As Toronto becomes increasingly conscious that it does in fact contain buildings of historic value that are worth preserving, we are seeing a rise in the number of projects that embracing the idea of reinterpreting the city’s history. We may not have the centuries of built heritage that European cities like London have, or the remnants of architectural patronage that New York does, but what we do have is no less relevant. Today we’re looking at one street in particular that is experiencing a rejuvenation initiated by one of the city’s most innovative and outspoken heritage advocates: the Market Street Redevelopment by the late Paul Oberman, who presided over Woodcliffe Properties.
Market Street is a relatively unassuming side street that runs adjacent to the St. Lawrence Market, south of Front Street. Located within Toronto’s "Old Town", Market Street’s gradual slope towards The Esplanade hints at the old shoreline of Lake Ontario, before the aggressive infill projects of the 20th century that extended the waterfront southwards.
The buildings that are being preserved predate the current South Saint Lawrence Market/former Toronto City Hall; 10-12 Market Street dates back to 1880, and was originally a lakefront hotel. The rejuvenation also includes 87 Front Street, which dates back to the late 1850s/early 1860s, formerly a grain warehouse for the Edward Leadly Company.
The architectural style of these heritage structures provides a glimpse at what much of the city looked like before the Great Fire of 1904 and the aggressive demolition of the 20th century. In order to maintain the historic appearance of the buildings, Woodcliffe sourced materials from a brick factory in England that still produces the style of brick used in the late 1800s, while replacing those materials that were unsalvageable.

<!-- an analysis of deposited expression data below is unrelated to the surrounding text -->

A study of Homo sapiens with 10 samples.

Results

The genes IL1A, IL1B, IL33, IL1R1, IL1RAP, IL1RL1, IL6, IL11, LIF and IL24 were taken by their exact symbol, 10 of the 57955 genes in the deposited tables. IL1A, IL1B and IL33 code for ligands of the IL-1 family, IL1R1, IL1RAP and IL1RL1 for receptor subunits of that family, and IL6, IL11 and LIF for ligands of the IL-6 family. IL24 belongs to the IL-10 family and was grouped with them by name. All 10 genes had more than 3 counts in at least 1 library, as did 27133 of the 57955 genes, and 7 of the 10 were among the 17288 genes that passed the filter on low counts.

The new building at Market Street and The Esplanade which project architect Taylor Smyth designed looks to complement rather than replicate the heritage structures — it continues the roofline of 10-12 Market Street, and will use materials that play off of the distinctive colors found in the neighbouring brick buildings.
The hope is that the end result will bring new pedestrian life to Market Street by making space for retail and restaurants that will draw Front Street's current foot traffic further south. The late Paul Oberman’s vision for this stretch of Market Street was for a pedestrian block, where bistro seating spills out to the street, trees replace lane markers and a flower market would be located in the bottom of the Saint Lawrence Market. A petition circulated last summer sought to rename the street Paul Oberman Way as a public tribute to the man who showed the city that development and heritage can work together in brilliant ways.